Published June 28, 2011
Among the minority of Amish parents who do not immunize their children, the most common reasons for skipping the shots were more related to concerns over the potential side effects of vaccines, than to religious beliefs, a new study finds.
"The reasons that Amish parents resist immunizations mirror reasons that non-Amish parents resist immunizations," Dr. Olivia K. Wenger of Akron Children's Hospital and her colleagues wrote in the journal Pediatrics.
Previous research had suggested that lack of access could be a factor keeping vaccination rates low in Amish communities.
The Amish are conservative Christians known for living in closed communities and without much modern technology. Their tenets don't prohibit vaccination, but outbreaks of measles, whooping cough and other vaccine-preventable diseases in underimmunized Amish communities have raised concern.
The researchers mailed surveys to hundreds of families in Holmes County, Ohio, where a large number of Amish live.
Ohio records showed about 45 percent of the Holmes county population was fully immunized, compared with a statewide rate of 80 percent.
Of 359 households that responded to the survey, 85 percent said that at least some of their children had received at least one vaccine.
Forty-nine families refused all vaccines for their children, mostly because they worried the vaccines could cause harm and were not worth the risk.
Other common reasons included concerns that the shots have dangerous chemicals in them and that the diseases the vaccines protect against are not a problem in the community.
Just one out of the 49 totally unvaccinated families cited difficulty in getting to the doctor's office, three said the shots are too expensive, and three of the parents agreed that "giving shots means I'm not putting faith in God to take care of my children."
None of the families said that their ministers disagreed with giving shots.
Saad Omer, an assistant professor at Emory University who was not involved in the study, said he was not surprised by the results.
Most parents' decisions about immunizations are based upon perceptions of how common and dangerous a disease is, Omer said, and perceptions of how safe and effective a vaccine is.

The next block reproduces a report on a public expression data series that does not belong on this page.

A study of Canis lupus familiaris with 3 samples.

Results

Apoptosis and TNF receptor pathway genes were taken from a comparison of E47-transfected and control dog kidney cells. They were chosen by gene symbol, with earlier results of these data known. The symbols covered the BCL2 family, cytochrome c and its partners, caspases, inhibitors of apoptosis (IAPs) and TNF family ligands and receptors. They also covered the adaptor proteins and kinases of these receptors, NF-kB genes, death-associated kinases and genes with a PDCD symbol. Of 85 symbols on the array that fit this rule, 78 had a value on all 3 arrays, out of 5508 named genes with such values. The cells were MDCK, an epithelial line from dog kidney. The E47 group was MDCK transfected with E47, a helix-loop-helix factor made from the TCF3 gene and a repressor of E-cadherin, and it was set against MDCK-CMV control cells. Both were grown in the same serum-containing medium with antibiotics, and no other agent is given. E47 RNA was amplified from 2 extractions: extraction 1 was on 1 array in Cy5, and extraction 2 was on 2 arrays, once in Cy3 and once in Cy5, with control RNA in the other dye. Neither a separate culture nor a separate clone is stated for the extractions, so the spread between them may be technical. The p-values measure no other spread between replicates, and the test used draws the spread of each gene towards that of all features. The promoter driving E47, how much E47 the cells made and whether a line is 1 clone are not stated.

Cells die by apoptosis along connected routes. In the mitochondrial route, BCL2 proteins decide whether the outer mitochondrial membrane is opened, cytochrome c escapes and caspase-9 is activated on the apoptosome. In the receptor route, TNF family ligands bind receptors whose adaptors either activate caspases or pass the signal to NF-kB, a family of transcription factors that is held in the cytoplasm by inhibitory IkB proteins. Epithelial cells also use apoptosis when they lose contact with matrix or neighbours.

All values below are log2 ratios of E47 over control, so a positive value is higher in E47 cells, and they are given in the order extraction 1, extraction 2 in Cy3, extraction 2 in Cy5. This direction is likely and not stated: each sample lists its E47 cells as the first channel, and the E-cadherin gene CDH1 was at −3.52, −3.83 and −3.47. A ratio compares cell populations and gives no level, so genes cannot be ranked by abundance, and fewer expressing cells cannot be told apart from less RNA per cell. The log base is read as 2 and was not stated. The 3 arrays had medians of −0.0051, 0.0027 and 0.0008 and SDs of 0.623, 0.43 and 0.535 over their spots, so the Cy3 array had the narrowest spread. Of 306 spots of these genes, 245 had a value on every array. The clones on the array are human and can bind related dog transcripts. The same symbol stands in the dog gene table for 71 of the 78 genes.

"It's a multifaceted issue," he added. "It's not an issue of access."
If parents observe that a particular disease is rare, for example, they might choose to exempt their children from immunizations. But that decision, Omer told Reuters Health, could put their child at a greater health risk.
"There is a reason why the rates of vaccine-preventable diseases are low," he said, "and that's because of the vaccines."
The other factor that plays into vaccine refusal is the relative convenience of getting a shot, compared to the convenience of getting an exemption for that vaccine.
Ohio, like 19 other states, allows children to be exempt from immunizations based on personal as well as religious beliefs.
The Centers for Disease Control and Prevention recommend immunizations against 14 diseases, which include about two dozen doses of vaccines during the first six years of life.
Parental resistance to immunizations has been blamed for recent outbreaks of childhood diseases.
One study found that one in 20 children who were not immunized for whooping cough caught the illness, compared to one in 500 who had been vaccinated.
"Understanding separatist groups such as the Amish is crucial for prevention of disease epidemics, because underimmunized populations are proven reservoirs of serious infections," wrote Wenger and her colleagues.